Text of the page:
Requiring that passwords conform to rules of length, complexity, and unpredictability increases the likelihood of som...

on December 24 at 08:36PM

B and C

I originally chose B for this question, how can I choose C next time? B was attractive because if accounts opened after a certain period of being locked, then one can continue to guess until they get the right combination, but C made total sense on second review because the complexity of passwords made people right it down, which made it easier to find and use by unauthorized people.

1 Reply

Shunhe on December 27 at 06:35PM

Hi @tomgbean,

First, let's note that this is a strengthen question. We need something that supports the overall conclusion of the argument, which we can find in the first sentence of the stimulus: make passwords more complicated actually increases the chance of someone getting unauthorized access to another user's account.

The first premise the author offers is that most people can't guess a password, which presumably decreases the chances of an account being hacked. But the author then offers another premise: users tend to write down more complex passwords, as they are harder to remember. What we need is something that links writing down passwords to accounts being hacked, and this is what (C) gives us. With (C), we can make the following logical chain:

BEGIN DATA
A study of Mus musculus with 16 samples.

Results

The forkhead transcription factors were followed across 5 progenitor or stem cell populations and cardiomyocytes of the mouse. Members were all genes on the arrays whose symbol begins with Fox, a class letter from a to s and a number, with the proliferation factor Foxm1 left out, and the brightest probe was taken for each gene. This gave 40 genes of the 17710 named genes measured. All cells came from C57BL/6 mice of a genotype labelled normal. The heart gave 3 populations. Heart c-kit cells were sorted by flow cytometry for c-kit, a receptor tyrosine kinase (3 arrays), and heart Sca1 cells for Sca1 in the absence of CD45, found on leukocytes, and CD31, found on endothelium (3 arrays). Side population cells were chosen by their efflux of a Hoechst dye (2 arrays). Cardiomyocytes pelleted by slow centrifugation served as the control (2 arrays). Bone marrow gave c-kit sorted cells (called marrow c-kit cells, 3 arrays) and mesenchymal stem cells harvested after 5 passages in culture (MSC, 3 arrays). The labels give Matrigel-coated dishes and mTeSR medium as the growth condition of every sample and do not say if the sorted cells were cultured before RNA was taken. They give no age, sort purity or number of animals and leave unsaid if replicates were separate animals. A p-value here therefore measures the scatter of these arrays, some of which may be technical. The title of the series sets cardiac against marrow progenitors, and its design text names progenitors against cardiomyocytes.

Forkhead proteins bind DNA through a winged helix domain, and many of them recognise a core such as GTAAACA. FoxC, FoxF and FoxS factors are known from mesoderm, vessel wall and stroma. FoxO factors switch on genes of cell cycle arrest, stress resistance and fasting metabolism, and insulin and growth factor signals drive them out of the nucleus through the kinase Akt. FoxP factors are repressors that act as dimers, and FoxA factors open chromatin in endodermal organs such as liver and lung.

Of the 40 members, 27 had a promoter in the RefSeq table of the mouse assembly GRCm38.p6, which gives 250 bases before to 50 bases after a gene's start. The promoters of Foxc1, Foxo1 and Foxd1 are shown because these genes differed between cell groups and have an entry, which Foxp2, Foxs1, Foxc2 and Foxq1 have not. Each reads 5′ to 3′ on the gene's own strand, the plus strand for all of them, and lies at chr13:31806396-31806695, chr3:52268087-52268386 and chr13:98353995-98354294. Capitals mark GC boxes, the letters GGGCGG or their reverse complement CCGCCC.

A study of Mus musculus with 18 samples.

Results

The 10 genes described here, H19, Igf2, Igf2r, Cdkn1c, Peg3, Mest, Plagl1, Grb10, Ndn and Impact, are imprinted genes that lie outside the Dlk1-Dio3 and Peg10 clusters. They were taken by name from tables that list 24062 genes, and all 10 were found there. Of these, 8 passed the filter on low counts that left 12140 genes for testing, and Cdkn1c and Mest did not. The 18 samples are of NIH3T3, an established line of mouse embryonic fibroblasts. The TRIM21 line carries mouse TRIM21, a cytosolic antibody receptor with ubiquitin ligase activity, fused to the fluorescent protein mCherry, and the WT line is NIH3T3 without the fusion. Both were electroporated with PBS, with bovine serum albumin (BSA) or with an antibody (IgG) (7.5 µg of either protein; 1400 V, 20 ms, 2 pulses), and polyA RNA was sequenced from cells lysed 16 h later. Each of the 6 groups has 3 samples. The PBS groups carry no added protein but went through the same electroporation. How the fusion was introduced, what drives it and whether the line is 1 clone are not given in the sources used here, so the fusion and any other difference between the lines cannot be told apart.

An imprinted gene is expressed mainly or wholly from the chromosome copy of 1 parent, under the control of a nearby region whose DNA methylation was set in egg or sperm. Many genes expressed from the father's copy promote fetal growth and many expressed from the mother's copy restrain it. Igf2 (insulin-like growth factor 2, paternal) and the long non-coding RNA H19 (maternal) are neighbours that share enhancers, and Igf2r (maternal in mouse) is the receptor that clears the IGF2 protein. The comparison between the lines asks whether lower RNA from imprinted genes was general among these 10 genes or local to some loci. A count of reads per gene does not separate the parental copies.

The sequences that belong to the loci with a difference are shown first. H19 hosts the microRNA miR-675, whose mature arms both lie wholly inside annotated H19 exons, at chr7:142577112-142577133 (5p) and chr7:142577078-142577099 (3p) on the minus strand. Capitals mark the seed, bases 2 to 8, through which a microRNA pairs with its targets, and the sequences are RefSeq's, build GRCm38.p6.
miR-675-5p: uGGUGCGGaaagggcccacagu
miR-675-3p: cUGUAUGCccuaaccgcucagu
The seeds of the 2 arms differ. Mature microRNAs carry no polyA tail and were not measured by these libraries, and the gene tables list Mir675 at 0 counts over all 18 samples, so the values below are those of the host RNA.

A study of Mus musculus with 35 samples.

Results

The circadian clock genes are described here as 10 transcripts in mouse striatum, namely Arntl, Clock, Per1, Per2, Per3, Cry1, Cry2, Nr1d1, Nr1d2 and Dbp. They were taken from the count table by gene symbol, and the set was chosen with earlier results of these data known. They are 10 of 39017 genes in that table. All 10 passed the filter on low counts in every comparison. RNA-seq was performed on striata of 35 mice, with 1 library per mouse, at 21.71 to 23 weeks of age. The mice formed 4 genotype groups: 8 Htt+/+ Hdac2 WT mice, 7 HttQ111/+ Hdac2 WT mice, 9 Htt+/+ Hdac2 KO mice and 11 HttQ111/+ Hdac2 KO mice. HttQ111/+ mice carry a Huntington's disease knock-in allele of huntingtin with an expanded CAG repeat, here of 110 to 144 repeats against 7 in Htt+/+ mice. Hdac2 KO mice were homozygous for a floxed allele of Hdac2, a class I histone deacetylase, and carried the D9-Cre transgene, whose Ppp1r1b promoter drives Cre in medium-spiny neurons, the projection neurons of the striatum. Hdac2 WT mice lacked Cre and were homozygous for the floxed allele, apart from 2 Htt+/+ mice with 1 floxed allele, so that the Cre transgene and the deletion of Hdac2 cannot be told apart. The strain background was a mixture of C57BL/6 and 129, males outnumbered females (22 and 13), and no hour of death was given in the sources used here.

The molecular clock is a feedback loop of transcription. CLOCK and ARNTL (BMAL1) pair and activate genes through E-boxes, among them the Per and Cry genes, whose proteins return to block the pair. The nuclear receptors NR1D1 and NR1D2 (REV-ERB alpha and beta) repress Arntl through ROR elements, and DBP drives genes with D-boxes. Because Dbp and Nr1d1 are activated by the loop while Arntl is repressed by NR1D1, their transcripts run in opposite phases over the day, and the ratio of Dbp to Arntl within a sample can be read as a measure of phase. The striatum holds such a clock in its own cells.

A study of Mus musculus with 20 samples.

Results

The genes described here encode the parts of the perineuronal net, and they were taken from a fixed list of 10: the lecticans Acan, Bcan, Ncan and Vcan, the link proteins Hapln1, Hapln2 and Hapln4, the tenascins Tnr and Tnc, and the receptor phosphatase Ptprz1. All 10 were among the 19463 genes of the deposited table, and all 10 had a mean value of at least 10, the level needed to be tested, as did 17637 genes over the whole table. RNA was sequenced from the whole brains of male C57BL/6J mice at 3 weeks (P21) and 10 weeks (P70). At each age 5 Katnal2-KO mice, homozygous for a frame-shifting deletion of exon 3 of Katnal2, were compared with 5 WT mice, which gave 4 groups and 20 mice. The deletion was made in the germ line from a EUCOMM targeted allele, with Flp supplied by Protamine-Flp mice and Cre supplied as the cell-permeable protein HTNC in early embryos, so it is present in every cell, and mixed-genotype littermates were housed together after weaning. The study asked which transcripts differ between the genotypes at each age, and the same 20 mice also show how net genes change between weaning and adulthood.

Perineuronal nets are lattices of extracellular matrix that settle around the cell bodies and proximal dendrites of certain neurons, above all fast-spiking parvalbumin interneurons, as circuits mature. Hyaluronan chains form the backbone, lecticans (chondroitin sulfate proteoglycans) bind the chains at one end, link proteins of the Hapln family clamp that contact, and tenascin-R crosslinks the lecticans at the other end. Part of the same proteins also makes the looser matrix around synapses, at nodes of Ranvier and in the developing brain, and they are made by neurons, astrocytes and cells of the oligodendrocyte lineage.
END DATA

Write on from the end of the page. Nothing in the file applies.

More complicated password requirements - > more complicated passwords - > Higher chance of user writing down password - > Higher chance that someone uses the password to gain unauthorized access to an account, and this is the conclusion we're looking for.

(B), on the other hand, doesn't help us make this link between the writing of passwords and the unauthorized access to accounts. Even if accounts opened after a certain period of being locked, it seems that this would apply equally to passwords with or without complexity requirements. Actually, it might make it more likely that passwords without those requirements are guessed, as they are by nature easier to guess, and we are trying to prove the opposite. Hope this helps!